Health29 Sep 2009 12:25 am
A new edition of The Intellectual Devotional, this time with a focus on Health, is coming to stores on October 16! (Click here to pre-order your copy.) As well as continuing to expand on posts from the General Edition, “The Devoted Intellect” blog will introduce and expand on material from the Modern Culture devotional. Today’s entry on “Gastroenteritis” is from the “Children & Adolescents” section of the Health edition.
Gastroenteritis is caused by the inflammation of the gastrointestinal tract, involving both the stomach and the small intestine. It results in acute diarrhea that can lead to life-threatening dehydration in developing countries where there is limited access to fresh water. Gastroenteritis is usually caused by a viral infection (especially the rotavirus), but can also be caused by bacteria, parasites or an adverse reaction to food or medication. Viral gastroenteritis generally manifests itself with low-grade fever and vomiting, followed by copious watery diarrhea, with symptoms usually lasting between 3-8 days. In developed countries, noroviruses (which are the result of food borne contaminants) are responsible for 65-80% of all gastroenteritis outbreaks. In the developing world, rotavirus is the most prevalent viral pathogen, and is responsible for more that 50% of all gastroenteritis cases.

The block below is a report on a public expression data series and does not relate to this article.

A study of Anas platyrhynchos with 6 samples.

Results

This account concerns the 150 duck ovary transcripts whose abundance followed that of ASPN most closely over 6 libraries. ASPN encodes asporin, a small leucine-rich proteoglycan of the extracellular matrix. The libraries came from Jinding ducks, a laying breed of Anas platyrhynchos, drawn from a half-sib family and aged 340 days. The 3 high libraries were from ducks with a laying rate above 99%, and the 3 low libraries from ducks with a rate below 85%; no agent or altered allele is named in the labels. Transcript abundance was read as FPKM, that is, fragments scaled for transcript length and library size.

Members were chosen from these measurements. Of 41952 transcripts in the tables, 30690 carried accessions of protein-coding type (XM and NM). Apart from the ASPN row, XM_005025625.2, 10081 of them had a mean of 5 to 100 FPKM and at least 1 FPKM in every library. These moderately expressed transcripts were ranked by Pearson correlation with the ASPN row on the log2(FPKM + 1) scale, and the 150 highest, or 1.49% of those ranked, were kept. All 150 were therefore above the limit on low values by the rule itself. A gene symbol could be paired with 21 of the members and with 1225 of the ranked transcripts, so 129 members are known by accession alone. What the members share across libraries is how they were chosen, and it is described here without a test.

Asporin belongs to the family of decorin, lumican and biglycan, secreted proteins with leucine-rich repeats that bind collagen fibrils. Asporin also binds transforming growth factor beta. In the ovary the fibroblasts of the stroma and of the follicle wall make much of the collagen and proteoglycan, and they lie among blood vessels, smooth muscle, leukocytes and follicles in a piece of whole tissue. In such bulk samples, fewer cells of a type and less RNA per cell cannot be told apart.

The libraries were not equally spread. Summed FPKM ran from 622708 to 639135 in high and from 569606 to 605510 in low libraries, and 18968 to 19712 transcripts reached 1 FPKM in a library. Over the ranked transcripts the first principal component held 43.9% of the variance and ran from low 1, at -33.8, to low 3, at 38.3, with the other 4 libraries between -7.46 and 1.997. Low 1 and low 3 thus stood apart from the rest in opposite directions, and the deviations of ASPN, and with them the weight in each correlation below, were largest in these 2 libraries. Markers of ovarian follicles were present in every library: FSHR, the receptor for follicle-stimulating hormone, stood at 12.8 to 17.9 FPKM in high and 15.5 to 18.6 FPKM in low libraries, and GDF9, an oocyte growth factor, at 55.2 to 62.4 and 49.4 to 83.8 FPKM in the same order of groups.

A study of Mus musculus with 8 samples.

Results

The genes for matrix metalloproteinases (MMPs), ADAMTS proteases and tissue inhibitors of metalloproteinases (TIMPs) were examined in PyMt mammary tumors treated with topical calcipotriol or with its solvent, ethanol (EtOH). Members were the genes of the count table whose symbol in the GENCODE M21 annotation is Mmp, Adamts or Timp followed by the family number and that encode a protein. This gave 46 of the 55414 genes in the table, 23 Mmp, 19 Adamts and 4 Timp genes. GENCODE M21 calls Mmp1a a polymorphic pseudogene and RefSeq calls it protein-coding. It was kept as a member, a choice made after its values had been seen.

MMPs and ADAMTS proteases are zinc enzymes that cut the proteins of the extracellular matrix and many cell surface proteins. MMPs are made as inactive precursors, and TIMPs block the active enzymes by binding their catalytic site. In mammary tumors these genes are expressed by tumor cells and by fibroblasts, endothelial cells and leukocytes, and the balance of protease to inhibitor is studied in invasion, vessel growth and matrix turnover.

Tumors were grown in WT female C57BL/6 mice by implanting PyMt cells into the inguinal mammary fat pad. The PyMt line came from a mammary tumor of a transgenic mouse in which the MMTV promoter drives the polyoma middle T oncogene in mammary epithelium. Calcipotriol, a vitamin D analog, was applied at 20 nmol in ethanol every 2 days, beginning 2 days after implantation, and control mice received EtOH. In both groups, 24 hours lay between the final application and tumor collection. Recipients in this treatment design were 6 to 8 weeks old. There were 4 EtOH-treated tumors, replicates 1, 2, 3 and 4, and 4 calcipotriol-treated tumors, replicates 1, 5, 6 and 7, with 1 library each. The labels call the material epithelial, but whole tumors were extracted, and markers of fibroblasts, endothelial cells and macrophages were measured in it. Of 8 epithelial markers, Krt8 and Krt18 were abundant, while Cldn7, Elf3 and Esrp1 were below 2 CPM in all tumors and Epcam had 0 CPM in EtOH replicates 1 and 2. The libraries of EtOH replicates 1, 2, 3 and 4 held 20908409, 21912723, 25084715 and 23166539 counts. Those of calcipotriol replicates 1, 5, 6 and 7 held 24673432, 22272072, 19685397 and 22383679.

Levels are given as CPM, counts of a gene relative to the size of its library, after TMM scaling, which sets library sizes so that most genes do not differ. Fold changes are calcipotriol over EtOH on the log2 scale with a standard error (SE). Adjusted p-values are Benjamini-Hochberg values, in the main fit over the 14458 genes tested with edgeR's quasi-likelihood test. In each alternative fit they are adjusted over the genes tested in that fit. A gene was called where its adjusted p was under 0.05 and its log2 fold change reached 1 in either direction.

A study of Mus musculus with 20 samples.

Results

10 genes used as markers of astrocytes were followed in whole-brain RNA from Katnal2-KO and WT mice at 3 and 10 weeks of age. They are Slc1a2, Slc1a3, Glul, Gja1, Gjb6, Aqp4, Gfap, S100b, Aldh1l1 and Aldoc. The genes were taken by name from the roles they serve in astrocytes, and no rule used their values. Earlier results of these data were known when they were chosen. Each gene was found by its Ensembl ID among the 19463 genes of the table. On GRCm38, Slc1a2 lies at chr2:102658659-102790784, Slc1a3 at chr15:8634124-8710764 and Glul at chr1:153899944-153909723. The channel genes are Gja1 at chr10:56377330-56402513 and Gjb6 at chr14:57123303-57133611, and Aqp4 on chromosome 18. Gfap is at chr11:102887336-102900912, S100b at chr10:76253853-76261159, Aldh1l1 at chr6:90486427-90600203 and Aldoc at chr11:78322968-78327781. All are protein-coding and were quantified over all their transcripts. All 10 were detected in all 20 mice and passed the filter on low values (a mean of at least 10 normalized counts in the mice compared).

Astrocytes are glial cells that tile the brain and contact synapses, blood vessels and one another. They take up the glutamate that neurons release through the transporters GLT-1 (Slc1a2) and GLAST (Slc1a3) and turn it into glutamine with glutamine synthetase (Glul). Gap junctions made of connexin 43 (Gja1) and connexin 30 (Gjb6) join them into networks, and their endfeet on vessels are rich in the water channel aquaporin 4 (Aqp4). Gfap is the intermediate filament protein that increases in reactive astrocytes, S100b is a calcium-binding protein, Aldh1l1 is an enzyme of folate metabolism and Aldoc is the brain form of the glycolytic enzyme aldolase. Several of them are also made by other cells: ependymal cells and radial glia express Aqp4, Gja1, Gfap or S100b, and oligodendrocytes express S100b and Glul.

In the developed world, clean drinking water and adequate medical care have removed many of the potential risks associated with gastroenteritis, such as acute dehydration. As such, it is generally perceived to be an uncomfortable, albeit benign disease if it is properly treated. However, every year, rotavirus causes gastroenteritis in an estimated 111 million children under the age of 5 years old, and leads to nearly 1.8 million deaths (82% of these deaths occur in developing countries). Lack of potable water and poor sewage treatment has been the major cause of the spread of infectious gastroenteritis and the accompanying acute dehydration that can prove lethal if an infected person can be adequately rehydrated.
Thanks to the implementation of oral rehydration therapy, annual mortality rates have fallen significantly since 2000. Despite this improvement, the World Health Organization has made the development of a rotavirus vaccine one of their top priorities in their effort to curb global preventative deaths.